TENNIS Zimbabwe national junior tennis initiative and technical development officer, Linsent Chitiyo, says they are content with the display by their players at the just-ended ITF events at Harare Sport Club.
Zimbabwe hosted three tournaments – one J60 and two J100 events – in the last three weeks.
The tournaments, which began at the end of July, ended over the weekend, at Harare Sports Club.
They are part of the ITF World Tennis Tour Juniors and give players, aged 18 and under, the opportunity to travel the world and develop their talent.
The local players performed better in the first two events but found the going tough in the last tournament that ended over the weekend.
“From the association’s point of view, we are grateful and we are happy with what we saw from the players.
“And, also taking into cognisant the fact that most of these players have been participating in these events outside the country and we also don’t usually get the opportunity to really see them in action.
“I think the first two events we performed quite well because on the podium we actually had Zimbabweans there.
“Then, in the end, we could attribute (the outcome) maybe to fatigue…but we could probably see that we still had higher chances of being in the limelight.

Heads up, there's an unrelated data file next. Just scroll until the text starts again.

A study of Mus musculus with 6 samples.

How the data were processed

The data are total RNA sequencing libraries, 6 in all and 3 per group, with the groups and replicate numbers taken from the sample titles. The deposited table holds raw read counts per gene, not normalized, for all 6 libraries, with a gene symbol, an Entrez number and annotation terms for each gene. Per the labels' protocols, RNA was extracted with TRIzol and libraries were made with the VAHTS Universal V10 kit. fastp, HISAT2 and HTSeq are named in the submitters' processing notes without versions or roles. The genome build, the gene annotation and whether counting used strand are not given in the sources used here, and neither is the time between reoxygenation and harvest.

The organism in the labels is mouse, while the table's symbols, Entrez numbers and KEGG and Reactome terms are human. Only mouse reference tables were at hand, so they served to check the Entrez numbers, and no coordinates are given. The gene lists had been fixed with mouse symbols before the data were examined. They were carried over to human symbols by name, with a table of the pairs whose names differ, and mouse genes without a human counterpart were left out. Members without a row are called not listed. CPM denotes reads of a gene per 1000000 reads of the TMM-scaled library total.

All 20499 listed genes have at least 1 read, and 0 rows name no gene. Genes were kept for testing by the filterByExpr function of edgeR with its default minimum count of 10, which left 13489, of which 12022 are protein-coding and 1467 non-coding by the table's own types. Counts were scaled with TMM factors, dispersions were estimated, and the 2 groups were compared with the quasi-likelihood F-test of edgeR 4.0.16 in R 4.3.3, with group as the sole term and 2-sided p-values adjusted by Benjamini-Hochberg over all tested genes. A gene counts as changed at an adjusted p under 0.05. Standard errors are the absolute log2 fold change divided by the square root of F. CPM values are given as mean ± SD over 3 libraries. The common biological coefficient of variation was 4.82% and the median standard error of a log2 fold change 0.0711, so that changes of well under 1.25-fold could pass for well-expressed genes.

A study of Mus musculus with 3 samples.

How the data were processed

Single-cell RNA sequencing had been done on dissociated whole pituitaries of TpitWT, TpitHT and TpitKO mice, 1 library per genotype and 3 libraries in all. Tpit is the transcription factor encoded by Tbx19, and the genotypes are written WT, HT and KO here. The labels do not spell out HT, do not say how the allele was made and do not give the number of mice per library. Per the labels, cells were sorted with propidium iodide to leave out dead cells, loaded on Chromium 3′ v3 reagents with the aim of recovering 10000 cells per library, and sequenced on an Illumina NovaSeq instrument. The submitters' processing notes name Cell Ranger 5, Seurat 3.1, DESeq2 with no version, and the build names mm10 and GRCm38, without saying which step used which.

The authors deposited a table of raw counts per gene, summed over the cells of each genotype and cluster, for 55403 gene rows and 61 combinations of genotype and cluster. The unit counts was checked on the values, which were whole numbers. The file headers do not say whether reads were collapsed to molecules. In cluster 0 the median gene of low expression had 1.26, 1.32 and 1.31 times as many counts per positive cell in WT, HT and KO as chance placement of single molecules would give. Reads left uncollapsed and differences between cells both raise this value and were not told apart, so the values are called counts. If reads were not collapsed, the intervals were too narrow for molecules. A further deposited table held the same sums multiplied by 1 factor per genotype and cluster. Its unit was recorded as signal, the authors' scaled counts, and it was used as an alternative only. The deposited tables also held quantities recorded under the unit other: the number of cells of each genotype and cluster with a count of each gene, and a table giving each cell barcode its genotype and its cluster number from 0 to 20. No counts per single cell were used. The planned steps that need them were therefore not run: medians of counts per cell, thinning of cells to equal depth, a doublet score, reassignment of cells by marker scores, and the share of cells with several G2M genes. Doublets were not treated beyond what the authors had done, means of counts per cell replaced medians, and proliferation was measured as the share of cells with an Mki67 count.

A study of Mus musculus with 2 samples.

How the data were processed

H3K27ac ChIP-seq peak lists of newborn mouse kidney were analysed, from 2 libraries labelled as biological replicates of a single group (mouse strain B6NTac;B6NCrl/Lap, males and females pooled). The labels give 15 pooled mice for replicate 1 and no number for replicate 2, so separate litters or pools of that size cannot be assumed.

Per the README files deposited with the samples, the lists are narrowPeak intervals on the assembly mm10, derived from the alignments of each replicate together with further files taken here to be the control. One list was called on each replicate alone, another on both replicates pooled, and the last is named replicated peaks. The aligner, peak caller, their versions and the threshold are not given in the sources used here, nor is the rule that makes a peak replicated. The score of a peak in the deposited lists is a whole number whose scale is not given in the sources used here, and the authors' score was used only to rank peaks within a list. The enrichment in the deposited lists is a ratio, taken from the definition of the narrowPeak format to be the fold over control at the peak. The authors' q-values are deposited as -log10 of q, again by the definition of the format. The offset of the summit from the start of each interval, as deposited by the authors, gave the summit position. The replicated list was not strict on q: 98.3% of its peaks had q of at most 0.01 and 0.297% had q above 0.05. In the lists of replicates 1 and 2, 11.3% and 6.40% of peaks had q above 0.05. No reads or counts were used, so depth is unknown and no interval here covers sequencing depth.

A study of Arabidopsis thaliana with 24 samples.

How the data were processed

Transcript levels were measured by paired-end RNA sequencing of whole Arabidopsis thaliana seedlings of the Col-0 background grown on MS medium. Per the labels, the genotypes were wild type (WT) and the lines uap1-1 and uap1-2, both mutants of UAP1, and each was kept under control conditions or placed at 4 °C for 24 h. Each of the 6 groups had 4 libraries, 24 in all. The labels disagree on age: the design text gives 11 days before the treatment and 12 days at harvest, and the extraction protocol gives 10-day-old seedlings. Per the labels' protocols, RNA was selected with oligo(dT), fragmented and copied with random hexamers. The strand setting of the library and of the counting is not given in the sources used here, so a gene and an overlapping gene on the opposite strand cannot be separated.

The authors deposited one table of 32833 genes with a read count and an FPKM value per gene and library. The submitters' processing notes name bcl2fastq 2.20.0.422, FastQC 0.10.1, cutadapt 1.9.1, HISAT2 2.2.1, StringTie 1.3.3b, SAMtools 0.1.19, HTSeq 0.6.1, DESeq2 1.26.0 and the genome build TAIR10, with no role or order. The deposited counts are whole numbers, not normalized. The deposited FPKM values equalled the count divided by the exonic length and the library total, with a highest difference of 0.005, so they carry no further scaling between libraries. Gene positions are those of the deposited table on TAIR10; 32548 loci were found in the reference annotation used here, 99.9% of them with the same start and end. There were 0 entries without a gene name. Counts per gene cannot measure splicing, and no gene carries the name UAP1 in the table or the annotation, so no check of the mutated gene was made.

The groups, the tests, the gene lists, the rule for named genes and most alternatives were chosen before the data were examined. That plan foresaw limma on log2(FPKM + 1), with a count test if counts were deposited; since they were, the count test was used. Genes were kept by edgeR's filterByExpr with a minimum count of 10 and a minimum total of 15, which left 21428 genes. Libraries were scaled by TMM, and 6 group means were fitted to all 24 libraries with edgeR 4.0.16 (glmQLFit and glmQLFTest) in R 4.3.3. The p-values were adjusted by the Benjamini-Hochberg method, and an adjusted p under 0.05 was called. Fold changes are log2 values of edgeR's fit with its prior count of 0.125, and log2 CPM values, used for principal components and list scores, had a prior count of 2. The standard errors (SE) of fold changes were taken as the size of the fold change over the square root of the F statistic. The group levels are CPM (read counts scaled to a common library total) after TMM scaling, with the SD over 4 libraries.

“So, I think the trajectory that we are moving in is quite exciting and this also supports our players.
“The reason why we are hosting the events was actually justified during these three weeks,” said Chitiyo.
Some of the highlights from the events were Sasha Chimedza reaching the girls singles final while Tadiwanashe Mauchi made the doubles final with her partner Iriela Rajaobelina in the first event, which was theJ60.
In the boys’ category, Thompson Thomu, won the doubles title when he teamed up with Liam Channon of Great Britain in the first tournament.
Chimedza also had a good run in the second event, the J100, when reaching the semi-finals and the doubles final when she partnered South Africa’s Celina Joseph.
“You find that in the calendars of events that we are following, three quarters of our players were coming from a school calendar, an academic calendar.
“They were not actively involved in terms of tennis participation.”